D is for Deadly Dragons

Posted April 4, 2015 in A-Z Challenge / Leave a comment!



[draguh n]


1. a mythical monster generally represented as a huge, winged reptile with crested head and enormous claws and teeth, and often spouting fire.

2. Archaic. a huge serpent or snake.


Middle English, Old French, Latin, Greek


Featured Dragon:

Dragons from Seraphina

The dragons in this book are different. That’s why I fell in love with them. I can’t tell you a whole lot about these dragons because we’re still learning about them. I can tell you about the main character Seraphina who’s smart, brave, vulnerable, and inspiring. I thought her story was a little sad but I’m loving where it’s going! The dragons are sort of the focus for the book without being there very often. It’s a book you’ll have to read to really understand.

“Sometimes the truth has difficulty breaching the city walls of our beliefs. A lie, dressed in the correct livery, passes through more easily.”


Summary: Four decades of peace have done little to ease the mistrust between humans and dragons in the kingdom of Goredd. Folding themselves into human shape, dragons attend court as ambassadors, and lend their rational, mathematical minds to universities as scholars and teachers. As the treaty’s anniversary draws near, however, tensions are high.

Seraphina Dombegh has reason to fear both sides. An unusually gifted musician, she joins the court just as a member of the royal family is murdered—in suspiciously draconian fashion. Seraphina is drawn into the investigation, partnering with the captain of the Queen’s Guard, the dangerously perceptive Prince Lucian Kiggs. While they begin to uncover hints of a sinister plot to destroy the peace, Seraphina struggles to protect her own secret, the secret behind her musical gift, one so terrible that its discovery could mean her very life.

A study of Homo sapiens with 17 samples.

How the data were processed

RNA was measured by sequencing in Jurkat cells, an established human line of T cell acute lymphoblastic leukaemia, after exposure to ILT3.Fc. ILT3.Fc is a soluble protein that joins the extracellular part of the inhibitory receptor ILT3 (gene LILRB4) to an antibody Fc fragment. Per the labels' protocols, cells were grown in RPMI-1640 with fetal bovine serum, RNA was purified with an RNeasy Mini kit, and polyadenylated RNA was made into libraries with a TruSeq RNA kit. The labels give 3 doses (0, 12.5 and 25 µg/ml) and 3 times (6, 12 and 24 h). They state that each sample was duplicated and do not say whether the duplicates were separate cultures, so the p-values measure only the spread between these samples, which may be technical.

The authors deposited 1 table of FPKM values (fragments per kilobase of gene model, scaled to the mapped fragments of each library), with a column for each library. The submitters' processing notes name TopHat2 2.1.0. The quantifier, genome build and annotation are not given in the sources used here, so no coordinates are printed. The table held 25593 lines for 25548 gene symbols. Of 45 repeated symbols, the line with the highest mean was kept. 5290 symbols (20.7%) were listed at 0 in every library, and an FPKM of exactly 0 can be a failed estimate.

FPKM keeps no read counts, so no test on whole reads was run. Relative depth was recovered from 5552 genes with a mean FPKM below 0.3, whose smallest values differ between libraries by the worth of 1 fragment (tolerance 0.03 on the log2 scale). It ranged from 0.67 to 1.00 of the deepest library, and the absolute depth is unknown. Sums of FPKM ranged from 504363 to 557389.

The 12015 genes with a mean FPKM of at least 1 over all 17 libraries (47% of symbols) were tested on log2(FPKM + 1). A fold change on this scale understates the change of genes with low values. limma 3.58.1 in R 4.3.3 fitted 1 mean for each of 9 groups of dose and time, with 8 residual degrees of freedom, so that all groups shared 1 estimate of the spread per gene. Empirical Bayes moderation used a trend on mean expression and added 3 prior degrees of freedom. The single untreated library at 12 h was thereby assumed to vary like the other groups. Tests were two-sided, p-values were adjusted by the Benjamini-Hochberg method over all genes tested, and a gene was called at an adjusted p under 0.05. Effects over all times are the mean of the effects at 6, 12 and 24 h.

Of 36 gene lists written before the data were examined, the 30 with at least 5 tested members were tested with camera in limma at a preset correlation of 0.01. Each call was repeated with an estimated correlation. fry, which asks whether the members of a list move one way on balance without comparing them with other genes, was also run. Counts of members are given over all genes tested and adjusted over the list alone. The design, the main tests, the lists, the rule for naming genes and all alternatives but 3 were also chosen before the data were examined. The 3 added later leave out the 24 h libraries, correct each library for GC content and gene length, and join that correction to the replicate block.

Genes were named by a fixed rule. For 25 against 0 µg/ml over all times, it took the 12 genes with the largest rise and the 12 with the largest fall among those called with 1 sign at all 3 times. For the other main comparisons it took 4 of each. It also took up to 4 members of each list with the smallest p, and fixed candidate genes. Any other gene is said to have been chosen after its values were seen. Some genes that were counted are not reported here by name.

• Well you can’t just make up dragons. I think there’s some sort of creature that they had to be based off or maybe they really did exists. I’m going with they did 😉

      • I once went to a natural history museum where they had a “dragon”, it was an extinct reptile that had wings, but was small enough to fit into my hand, and at that time I was eleven… I felt a bit letdown, as dragons in my books and imagination were always huge and never tiny.

  1. Seems like an interesting theme; I can honestly say I don’t think I’ve read a book that had a dragon in it; I might need to change that this year!